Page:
Straddling the heavily populated border between Rwanda and the Democratic Republic of Congo, Lake Kivu contains huge amounts of dissolved carbon dioxide and highly combustible methane gas.

Scientists believe the overall danger across the lake as a whole is small, but a pocket of gas in the comparatively shallow Gulf of Kabuno in the north-western corner of the lake may prove more problematic. Just 12 meters below the surface, an estimated three cubic kilometres of carbon dioxide is present, right atop a tectonic faultline. Scientists fear a major earthquake or a large lava flow from a nearby volcano could lead to a giant release of gas from the gulf.

Congo’s environment minister warned on Tuesday that this gas could explode any day, threatening the lives of tens of thousands.

The risk of explosion is imminent,” environment minister Jose Endundo told Reuters in an interview. “It’s like a bottle of Coca-Cola or champagne. If there is too much pressure inside the bottle, it will explode. It’s the same phenomenon.”

In 1986, about 1,700 people were killed in Cameroon as 1,2 million tonnes of carbon dioxide trapped under Lake Nyos was released into the air.

The risk is that this gas escapes and asphyxiates thousands of people. There is an urgent need to evacuate gas from the Gulf of Kabuno, which now holds 10 times the amount of carbon dioxide that Lake Nyos contained,” Endundo said.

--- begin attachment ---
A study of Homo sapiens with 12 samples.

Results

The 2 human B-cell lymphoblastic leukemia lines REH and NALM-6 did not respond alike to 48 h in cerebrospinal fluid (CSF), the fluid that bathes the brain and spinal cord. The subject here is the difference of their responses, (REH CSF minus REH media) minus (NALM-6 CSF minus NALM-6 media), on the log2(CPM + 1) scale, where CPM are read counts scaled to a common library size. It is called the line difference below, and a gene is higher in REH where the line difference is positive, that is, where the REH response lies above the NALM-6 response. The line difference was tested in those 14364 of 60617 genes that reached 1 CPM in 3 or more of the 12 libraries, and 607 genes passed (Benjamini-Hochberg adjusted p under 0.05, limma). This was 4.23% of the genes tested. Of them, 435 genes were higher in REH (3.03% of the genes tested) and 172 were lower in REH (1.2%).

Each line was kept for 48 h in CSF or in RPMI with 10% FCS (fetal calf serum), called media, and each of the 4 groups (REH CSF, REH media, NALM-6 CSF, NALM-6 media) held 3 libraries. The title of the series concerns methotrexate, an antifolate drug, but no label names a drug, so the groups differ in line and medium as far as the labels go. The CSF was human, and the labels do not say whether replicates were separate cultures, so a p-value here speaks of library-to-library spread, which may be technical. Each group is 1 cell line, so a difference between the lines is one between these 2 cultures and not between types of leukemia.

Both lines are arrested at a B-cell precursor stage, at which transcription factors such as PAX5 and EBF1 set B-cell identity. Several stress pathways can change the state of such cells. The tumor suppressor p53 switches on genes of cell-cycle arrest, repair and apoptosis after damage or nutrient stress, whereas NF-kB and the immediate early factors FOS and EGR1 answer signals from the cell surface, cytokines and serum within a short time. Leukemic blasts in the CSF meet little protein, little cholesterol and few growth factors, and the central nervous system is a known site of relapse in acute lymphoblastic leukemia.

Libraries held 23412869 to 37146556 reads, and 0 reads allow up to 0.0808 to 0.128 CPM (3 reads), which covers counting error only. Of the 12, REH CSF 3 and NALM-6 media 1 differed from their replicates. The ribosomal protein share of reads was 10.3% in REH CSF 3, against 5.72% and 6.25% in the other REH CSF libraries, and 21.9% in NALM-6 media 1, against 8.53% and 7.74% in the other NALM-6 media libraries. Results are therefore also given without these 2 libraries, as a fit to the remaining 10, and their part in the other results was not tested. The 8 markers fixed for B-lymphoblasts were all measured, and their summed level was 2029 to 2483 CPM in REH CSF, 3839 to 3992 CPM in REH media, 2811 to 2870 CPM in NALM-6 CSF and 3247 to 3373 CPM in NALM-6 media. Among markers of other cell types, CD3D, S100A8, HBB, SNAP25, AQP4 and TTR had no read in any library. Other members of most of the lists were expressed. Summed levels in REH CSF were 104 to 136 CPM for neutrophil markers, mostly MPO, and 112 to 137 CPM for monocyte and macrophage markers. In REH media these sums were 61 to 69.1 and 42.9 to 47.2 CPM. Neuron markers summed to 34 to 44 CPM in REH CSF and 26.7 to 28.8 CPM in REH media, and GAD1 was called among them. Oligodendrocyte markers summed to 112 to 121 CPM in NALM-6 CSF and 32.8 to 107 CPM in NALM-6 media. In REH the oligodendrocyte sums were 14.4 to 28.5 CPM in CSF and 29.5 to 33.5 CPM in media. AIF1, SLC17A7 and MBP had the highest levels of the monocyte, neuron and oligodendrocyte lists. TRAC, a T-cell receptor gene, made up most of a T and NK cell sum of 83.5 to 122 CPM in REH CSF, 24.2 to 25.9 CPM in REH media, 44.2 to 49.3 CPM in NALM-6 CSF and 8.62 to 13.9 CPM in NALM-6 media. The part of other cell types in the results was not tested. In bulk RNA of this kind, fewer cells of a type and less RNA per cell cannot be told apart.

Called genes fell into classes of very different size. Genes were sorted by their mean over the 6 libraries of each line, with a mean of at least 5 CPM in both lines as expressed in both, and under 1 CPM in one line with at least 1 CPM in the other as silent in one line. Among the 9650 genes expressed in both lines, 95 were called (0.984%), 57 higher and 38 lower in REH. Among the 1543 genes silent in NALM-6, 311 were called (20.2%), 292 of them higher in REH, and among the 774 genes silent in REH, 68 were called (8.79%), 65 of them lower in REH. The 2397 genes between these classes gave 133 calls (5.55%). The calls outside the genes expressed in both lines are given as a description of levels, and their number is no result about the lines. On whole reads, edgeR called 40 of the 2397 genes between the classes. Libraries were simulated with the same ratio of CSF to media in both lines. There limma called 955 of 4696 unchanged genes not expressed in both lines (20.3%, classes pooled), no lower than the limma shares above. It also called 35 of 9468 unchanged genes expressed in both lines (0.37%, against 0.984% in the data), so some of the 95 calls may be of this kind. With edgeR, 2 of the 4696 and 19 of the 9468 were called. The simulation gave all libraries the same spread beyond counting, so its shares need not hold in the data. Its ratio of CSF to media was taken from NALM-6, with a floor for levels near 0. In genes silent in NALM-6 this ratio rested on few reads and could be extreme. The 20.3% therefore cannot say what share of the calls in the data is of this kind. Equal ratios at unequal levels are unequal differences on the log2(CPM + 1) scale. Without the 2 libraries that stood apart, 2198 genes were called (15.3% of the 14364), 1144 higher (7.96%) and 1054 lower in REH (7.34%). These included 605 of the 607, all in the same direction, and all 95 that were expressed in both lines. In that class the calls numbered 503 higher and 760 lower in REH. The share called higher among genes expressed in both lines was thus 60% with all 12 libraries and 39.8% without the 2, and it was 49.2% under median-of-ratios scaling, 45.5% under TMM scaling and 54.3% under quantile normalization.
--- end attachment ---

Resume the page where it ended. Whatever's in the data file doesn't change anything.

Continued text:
Anything is possible, if this cloud is pushed by the wind,” says Michel Halbwachs, a volcanologist and Lake Kivu expert with France’s Universite de Savoie. “We could have a very light scenario or we could have a very heavy scenario. (…) Entire neighbourhoods could be hit.

The shores of the Gulf of Kabuno are home to several large villages, and roughly 20 km to the east is the city of Goma with a resident population of roughly 1 million.

The World Bank has set aside $3 million to fund a project to remove gas from the gulf, but this isn’t enough to complete the project and Congo is therefore currently looking for other sources of finance. Earlier this year, Congo and Rwanda agreed to a joint project to produce 200 megawatts of power from Lake Kivu’s methane reserves. Pumping out the carbon dioxide together with the methane reserves could help alleviate the risk of a disaster. Rwanda is already extracting small amounts of methane from the lake using a demonstration rig. By the end of last year, the rig was producing 2 megawatts of power.